Oregon faith leaders announce initiative petition to regulate some firearms

Rev. Dr. W.J. Mark Knutson, chair of Lift Every Voice Oregon, stands with about 40 faith leaders to announce an initiative petition to put new gun laws on the 2020 ballot on Monday in Portland.

SALEM — Lift Every Voice Oregon, a group of Oregon faith leaders, filed a package of initiative petitions with the Secretary of State on Monday hoping to get new gun laws on the November ballot. The group tried to get a ballot initiative banning certain semiautomatic firearms on the ballot in 2018 but were stymied by legal challenges.

The new initiative effort applies to certain semiautomatic firearms. If passed, it would raise the minimum age to purchase those firearms to 21, tighten background check requirements, institute a five-day waiting period on new purchases and ban magazines over 10 rounds.

“We have to get legislation before this state for people to vote on to say ‘Yes, this is not the kind of weaponry we want in our civil society,’” said Reverend Dr. W.J. Mark Knutson, the chair of Lift Every Voice Oregon and pastor at Augustana Lutheran Church in Portland.

The group next has to collect 1,000 signatures in order to send the initiative petition to the state Attorney General and Supreme Court for the ballot title and definition. Assuming the petition title is approved, proponents would then need to collect more than 112,000 signatures to put the initiative before voters next fall.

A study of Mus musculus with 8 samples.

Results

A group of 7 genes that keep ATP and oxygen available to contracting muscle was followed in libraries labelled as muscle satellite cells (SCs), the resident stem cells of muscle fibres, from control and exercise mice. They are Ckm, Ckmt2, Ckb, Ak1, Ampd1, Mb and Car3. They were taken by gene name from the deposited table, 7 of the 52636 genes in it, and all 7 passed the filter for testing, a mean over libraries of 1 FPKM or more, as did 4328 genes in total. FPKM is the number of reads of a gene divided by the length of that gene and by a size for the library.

The group is expecting legal challenges along the way.

“It’s gonna be a battle,” Knutsen said. “We’re ready for that.”

As part of their legal strategy, Lift Every Voice filed three initiative petitions instead of just one. IP 60 includes the increased minimum age, background check changes, waiting period, and large-capacity magazine ban. IP 61 includes everything except the high-capacity magazine ban and IP 62 is only the high-capacity magazine ban.

But even if the petition passes it’s not clear how effective the law would be. The definition of “assault weapon” has proven difficult to pin down in any meaningful way. Legislation often focuses more on appearance rather than features which substantively impact a firearm’s lethality.

The definition in IP 60 is similar to language in other states like California that  have attempted to regulate assault weapons only to have manufacturers tweak their designs to comply with the law without changing the firearm’s function.